Authors:Shan-Shan Ma, Patrick D. Worhunsky, Jian-song Xu, Sarah W. Yip, Nan Zhou, Jin-Tao Zhang, Lu Liu, Ling-Jiao Wang, Ben Liu, Yuan-Wei Yao, Sheng Zhang, and Xiao-Yi Fang
Cue-induced brain reactivity has been suggested to be a fundamental and important mechanism explaining the development, maintenance, and relapse of addiction, including Internet gaming disorder (IGD). Altered activity in addiction-related brain regions has been found during cue-reactivity in IGD using functional magnetic resonance imaging (fMRI), but less is known regarding the alterations of coordinated whole brain activity patterns in IGD.
To investigate the activity of temporally coherent, large-scale functional brain networks (FNs) during cue-reactivity in IGD, independent component analysis was applied to fMRI data from 29 male subjects with IGD and 23 matched healthy controls (HC) performing a cue-reactivity task involving Internet gaming stimuli (i.e., game cues) and general Internet surfing-related stimuli (i.e., control cues).
Four FNs were identified that were related to the response to game cues relative to control cues and that showed altered engagement/disengagement in IGD compared with HC. These FNs included temporo-occipital and temporo-insula networks associated with sensory processing, a frontoparietal network involved in memory and executive functioning, and a dorsal-limbic network implicated in reward and motivation processing. Within IGD, game versus control engagement of the temporo-occipital and frontoparietal networks were positively correlated with IGD severity. Similarly, disengagement of temporo-insula network was negatively correlated with higher game-craving.
These findings are consistent with altered cue-reactivity brain regions reported in substance-related addictions, providing evidence that IGD may represent a type of addiction. The identification of the networks might shed light on the mechanisms of the cue-induced craving and addictive Internet gaming behaviors.
Authors:I-Hua Chen, Chao-Ying Chen, Chieh-hsiu Liu, Daniel Kwasi Ahorsu, Mark D. Griffiths, Yu-Pin Chen, Yi-Jie Kuo, Chung-Ying Lin, Amir H. Pakpour, and Shu-Mei Wang
Background and aims
The present longitudinal study examined the changes in problematic internet use (problematic smartphone use, problematic social media use, and problematic gaming) and changes in COVID-19-related psychological distress (fear of COVID-19 and worry concerning COVID-19) across three time-points (before the COVID-19 outbreak, during the initial stages of the COVID-19 outbreak, and during the COVID-19 outbreak recovery period).
A total of 504 Chinese schoolchildren completed measures concerning problematic internet use and psychological distress across three time-points. Latent class analysis (LCA) was used to classify participants into three groups of problematic internet use comprising Group 1 (lowest level), Group 2 (moderate level), and Group 3 (highest level).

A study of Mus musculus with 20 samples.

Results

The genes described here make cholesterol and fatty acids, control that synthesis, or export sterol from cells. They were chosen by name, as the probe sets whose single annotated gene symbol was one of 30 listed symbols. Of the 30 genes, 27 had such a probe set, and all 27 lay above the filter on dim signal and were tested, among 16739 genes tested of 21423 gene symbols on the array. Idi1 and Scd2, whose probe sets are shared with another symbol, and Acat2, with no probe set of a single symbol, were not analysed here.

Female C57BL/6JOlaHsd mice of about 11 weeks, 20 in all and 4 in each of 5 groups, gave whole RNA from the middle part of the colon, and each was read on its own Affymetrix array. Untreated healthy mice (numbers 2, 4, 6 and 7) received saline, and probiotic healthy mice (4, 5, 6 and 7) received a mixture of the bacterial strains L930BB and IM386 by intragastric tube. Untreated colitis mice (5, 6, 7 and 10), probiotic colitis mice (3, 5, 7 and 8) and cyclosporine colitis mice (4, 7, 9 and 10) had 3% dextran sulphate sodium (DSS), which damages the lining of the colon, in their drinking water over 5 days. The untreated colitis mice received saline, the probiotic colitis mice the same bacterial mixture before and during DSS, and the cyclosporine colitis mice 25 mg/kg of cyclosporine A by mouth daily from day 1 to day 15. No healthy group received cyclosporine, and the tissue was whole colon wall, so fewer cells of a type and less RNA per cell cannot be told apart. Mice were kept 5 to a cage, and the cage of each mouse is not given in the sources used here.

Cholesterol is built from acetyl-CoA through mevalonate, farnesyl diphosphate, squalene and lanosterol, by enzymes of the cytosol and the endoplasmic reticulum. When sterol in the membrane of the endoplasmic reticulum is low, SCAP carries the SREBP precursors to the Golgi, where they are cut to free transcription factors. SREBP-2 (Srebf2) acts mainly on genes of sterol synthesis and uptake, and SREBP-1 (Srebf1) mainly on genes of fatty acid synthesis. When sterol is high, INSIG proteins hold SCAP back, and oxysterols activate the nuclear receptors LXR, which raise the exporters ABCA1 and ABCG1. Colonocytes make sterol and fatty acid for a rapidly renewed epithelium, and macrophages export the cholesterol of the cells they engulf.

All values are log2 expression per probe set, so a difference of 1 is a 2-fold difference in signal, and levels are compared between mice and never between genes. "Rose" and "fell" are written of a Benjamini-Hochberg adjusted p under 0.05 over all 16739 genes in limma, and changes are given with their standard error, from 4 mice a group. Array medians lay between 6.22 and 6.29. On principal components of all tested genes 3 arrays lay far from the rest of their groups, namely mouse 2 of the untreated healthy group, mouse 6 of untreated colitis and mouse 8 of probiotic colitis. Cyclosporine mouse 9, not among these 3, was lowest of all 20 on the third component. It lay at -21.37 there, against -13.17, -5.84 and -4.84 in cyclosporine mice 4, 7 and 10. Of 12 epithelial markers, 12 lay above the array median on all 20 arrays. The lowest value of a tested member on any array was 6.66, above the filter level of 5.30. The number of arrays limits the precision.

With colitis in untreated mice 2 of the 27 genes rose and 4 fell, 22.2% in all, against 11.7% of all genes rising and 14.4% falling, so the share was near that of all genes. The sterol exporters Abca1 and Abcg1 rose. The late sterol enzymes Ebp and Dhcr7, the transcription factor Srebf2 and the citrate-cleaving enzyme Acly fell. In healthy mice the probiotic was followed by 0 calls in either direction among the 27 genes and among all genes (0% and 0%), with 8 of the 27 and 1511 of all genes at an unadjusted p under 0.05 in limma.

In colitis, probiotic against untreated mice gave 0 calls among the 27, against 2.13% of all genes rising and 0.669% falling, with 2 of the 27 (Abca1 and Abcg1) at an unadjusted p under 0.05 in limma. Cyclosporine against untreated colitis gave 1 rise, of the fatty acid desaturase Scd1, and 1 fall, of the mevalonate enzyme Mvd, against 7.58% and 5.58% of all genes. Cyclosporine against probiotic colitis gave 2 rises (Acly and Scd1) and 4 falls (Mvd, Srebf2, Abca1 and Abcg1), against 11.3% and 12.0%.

Statistical analyses showed that as problematic use of internet-related activities declined among Group 3 participants across the three time points, participants in Group 1 and Group 2 had increased problematic use of internet-related activities. Although there was no between-group difference in relation to worrying concerning COVID-19 infection, Groups 2 and 3 had significantly higher levels of fear of COVID-19 than Group 1 during the COVID-19 recovery period. Regression analysis showed that change in problematic internet use predicted fear of COVID-19 during the recovery period.
The varied levels of problematic internet use among schoolchildren reflect different changing trends of additive behaviors during COVID-19 outbreak and recovery periods.
Authors:Shan-Shan Ma, Chiang-Shan R. Li, Sheng Zhang, Patrick D. Worhunsky, Nan Zhou, Jin-Tao Zhang, Lu Liu, Yuan-Wei Yao, and Xiao-Yi Fang
Background and aims
Deficits in cognitive control represent a core feature of addiction. Internet Gaming Disorder (IGD) offers an ideal model to study the mechanisms underlying cognitive control deficits in addiction, eliminating the confounding effects of substance use. Studies have reported behavioral and neural deficits in reactive control in IGD, but it remains unclear whether individuals with IGD are compromised in proactive control or behavioral adjustment by learning from the changing contexts.
Here, fMRI data of 21 male young adults with IGD and 21 matched healthy controls (HC) were collected during a stop-signal task. We employed group independent component analysis to investigate group differences in temporally coherent, large-scale functional network activities during post-error slowing, the typical type of behavioral adjustments. We also employed a Bayesian belief model to quantify the trial-by-trial learning of the likelihood of stop signal – P(Stop) – a broader process underlying behavioral adjustment, and identified the alterations in functional network responses to P(Stop).
The results showed diminished engagement of the fronto-parietal network during post-error slowing, and weaker activity in the ventral attention and anterior default mode network in response to P(Stop) in IGD relative to HC.
Discussion and conclusions
These results add to the literatures by suggesting deficits in updating and anticipating conflicts as well as in behavioral adjustment according to contextual information in individuals with IGD.